AUCD Network Press Releases



Walking Gives the Brain a 'Step-up' in Function for Some

It has long been thought that when walking is combined with a task - both suffer. Researchers at AUCD's Intellectual and Developmental Disabilities Research Center (IDDRC), Del Monte Institute for Neuroscience at the University of Rochester found that this is not always the case. Some young and healthy people improve performance on cognitive tasks while walking by changing the use of neural resources. However, this does not necessarily mean you should work on a big assignment while walking off that cake from the night before.



Visual System Brain Development Implicated in Infants who Develop Autism

Researchers at AUCD's Intellectual and Developmental Disabilities Research Center (IDDRC), Carolina Institute for Developmental Disabilities, analyzed magnetic resonance images collected during infancy from younger siblings of children with autism spectrum disorder (ASD). They found that brain changes in the size, white matter integrity and functional connectivity of the visual processing systems of six-month olds are evident well before they show symptoms of autism as toddlers, and related to the severity of autism traits in their older ASD siblings, as reported in the American Journal of Psychiatry.



Scientists Find Oleic Acid is Key to Activating the Brain's 'fountain of youth'

Cognitive difficulties and learning disabilities are common in individuals with neurodevelopmental disorders and intellectual disabilities. While searching for new ways to prevent or treat these and other related conditions, a team at Baylor College of Medicine and the Jan and Dan Duncan Neurological Research Institute (Duncan NRI) at Texas Children's Hospital identified a missing piece of the puzzle of how specific types of learning and memory are sustained and regulated in the brain.

Black and white image of the amygdala in the color red.


Scientists Identify Overgrowth of Key Brain Structure in Babies Who Later Develop Autism

Research led by Mark Shen, PhD, Heather Hazlett, PhD, and Joseph Piven, MD, from UNC-Chapel Hill is the first to demonstrate overgrowth of the amygdala in the first year of life, before babies show most of the behavioral symptoms that later consolidate into a diagnosis of autism. This overgrowth may be unique to autism, as babies with fragile X syndrome show a different brain growth pattern.



Can Early Behavioral Therapy Interventions Improve Developmental Trajectories in Down Syndrome

While children with Down syndrome have broad developmental delays and quite often have difficulty with challenging behaviors, there are no standardized behavioral strategies or therapies to treat them. Without a well-researched therapeutic standard, there is great variability in the quality of the services offered and a lack of evidence that can be drawn on by advocates for improved health care services. Dr. Nicole Baumer is currently pioneering the JASPER Clinical Trial research program in Down syndrome. The main objective is to determine whether an intensive, targeted early behavioral therapy intervention can improve developmental trajectories in Down syndrome.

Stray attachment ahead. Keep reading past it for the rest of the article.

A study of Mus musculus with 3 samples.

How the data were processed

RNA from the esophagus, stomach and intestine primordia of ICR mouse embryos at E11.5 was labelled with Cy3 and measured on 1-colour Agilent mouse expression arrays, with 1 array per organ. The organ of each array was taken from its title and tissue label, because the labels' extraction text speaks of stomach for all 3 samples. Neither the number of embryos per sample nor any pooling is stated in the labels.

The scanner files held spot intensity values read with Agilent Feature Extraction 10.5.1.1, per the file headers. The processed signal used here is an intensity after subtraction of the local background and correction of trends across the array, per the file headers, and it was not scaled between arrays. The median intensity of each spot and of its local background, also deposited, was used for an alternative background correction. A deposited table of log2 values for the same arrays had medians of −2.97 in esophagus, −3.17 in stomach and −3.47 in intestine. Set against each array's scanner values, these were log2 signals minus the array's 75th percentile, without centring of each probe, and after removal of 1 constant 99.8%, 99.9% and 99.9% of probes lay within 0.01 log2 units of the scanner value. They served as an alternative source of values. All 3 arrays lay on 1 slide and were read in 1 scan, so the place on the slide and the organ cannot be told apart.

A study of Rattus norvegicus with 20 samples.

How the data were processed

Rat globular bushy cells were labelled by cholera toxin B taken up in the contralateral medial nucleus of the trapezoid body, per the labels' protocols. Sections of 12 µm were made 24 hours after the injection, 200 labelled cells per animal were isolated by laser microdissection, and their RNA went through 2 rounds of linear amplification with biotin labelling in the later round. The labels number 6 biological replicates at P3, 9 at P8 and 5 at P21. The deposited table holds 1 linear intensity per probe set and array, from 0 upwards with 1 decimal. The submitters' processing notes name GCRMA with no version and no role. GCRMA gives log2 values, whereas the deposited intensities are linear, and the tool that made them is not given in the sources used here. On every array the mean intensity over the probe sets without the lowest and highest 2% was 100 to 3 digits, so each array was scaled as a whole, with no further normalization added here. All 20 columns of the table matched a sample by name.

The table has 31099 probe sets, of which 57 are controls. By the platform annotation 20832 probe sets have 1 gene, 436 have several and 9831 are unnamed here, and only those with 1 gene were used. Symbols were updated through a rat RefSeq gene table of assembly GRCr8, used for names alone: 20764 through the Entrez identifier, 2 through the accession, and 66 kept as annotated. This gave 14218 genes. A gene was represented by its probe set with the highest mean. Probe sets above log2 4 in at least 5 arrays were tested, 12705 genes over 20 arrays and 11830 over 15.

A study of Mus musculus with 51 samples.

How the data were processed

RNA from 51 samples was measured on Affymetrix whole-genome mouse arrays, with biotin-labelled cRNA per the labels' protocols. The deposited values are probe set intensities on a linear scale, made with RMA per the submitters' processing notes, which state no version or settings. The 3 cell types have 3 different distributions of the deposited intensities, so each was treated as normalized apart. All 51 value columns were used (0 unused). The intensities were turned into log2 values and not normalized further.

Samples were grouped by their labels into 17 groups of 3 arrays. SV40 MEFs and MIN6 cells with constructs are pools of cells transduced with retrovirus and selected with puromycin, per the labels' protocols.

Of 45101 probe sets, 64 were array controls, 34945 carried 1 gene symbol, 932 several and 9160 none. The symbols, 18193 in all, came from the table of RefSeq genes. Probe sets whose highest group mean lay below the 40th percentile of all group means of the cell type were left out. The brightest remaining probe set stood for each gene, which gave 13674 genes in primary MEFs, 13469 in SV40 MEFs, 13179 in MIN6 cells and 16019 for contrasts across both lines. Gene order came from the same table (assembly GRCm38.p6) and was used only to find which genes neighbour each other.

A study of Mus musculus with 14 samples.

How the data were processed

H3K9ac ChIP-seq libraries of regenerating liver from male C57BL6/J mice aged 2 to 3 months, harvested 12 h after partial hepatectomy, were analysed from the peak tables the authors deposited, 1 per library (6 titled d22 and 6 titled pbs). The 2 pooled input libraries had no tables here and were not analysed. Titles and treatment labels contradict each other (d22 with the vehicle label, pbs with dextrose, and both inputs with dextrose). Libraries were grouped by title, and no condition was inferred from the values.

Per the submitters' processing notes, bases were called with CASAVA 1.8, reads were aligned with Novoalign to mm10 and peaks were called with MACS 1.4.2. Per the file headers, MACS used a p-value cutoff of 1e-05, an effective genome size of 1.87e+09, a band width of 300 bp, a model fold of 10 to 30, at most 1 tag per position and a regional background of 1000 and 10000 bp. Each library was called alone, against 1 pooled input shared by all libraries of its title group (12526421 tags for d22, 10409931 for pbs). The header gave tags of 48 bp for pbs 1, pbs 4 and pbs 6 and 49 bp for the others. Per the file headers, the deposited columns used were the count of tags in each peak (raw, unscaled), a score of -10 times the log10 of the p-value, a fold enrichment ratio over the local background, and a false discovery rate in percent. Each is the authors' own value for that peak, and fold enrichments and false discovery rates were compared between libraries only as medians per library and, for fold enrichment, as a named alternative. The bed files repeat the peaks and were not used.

CHOP Researchers Show Early Developmental Delays Predict Poor Long-term Outcomes in Leigh Syndrome Patients

Researchers from the Mitochondrial Medicine Frontier Program at Children's Hospital of Philadelphia (CHOP) have found that developmental delays associated with Leigh syndrome, the most common pediatric mitochondrial disorder, may occur earlier than previously recognized - even before metabolic stroke and regression - which could provide clinicians with an opportunity for earlier diagnosis and therapeutic interventions. The findings were recently published online by the journal Molecular Genetics and Metabolism.

Photo of past Pro Fellows with a green border. A red banner on the top has white text that reads,


University of Massachusetts Boston Institute Launches International Fellowship Program on Inclusive Civic Engagement

The Institute for Community Inclusion (ICI) at the University of Massachusetts Boston, in partnership with Humanity & Inclusion (HI), has been awarded a grant from the US Department of State to develop and implement the Professional Fellows Program on Inclusive Civic Engagement, a new professional program for emerging leaders in Africa to exchange and implement best practices for inclusive civic engagement.



Transition to Competitive Integrated Employment Act

"No one should be paid less than minimum wage simply because they have a disability," said Martin Blair, Executive Director of the Rural Institute for Inclusive Communities at the University of Montana. Blair was referring to the bi-partisan, Transformation to Competitive Integrated Employment Act (TCEIA) introduced last week in the U.S. Senate by Montana's Senator Steve Daines and Pennsylvania's Senator Bob Casey. Daines and Casey are leading a national effort to end employment discrimination against people with intellectual and developmental disabilities. The bill will support employers transitioning to paying competitive, fair wages to people with disabilities.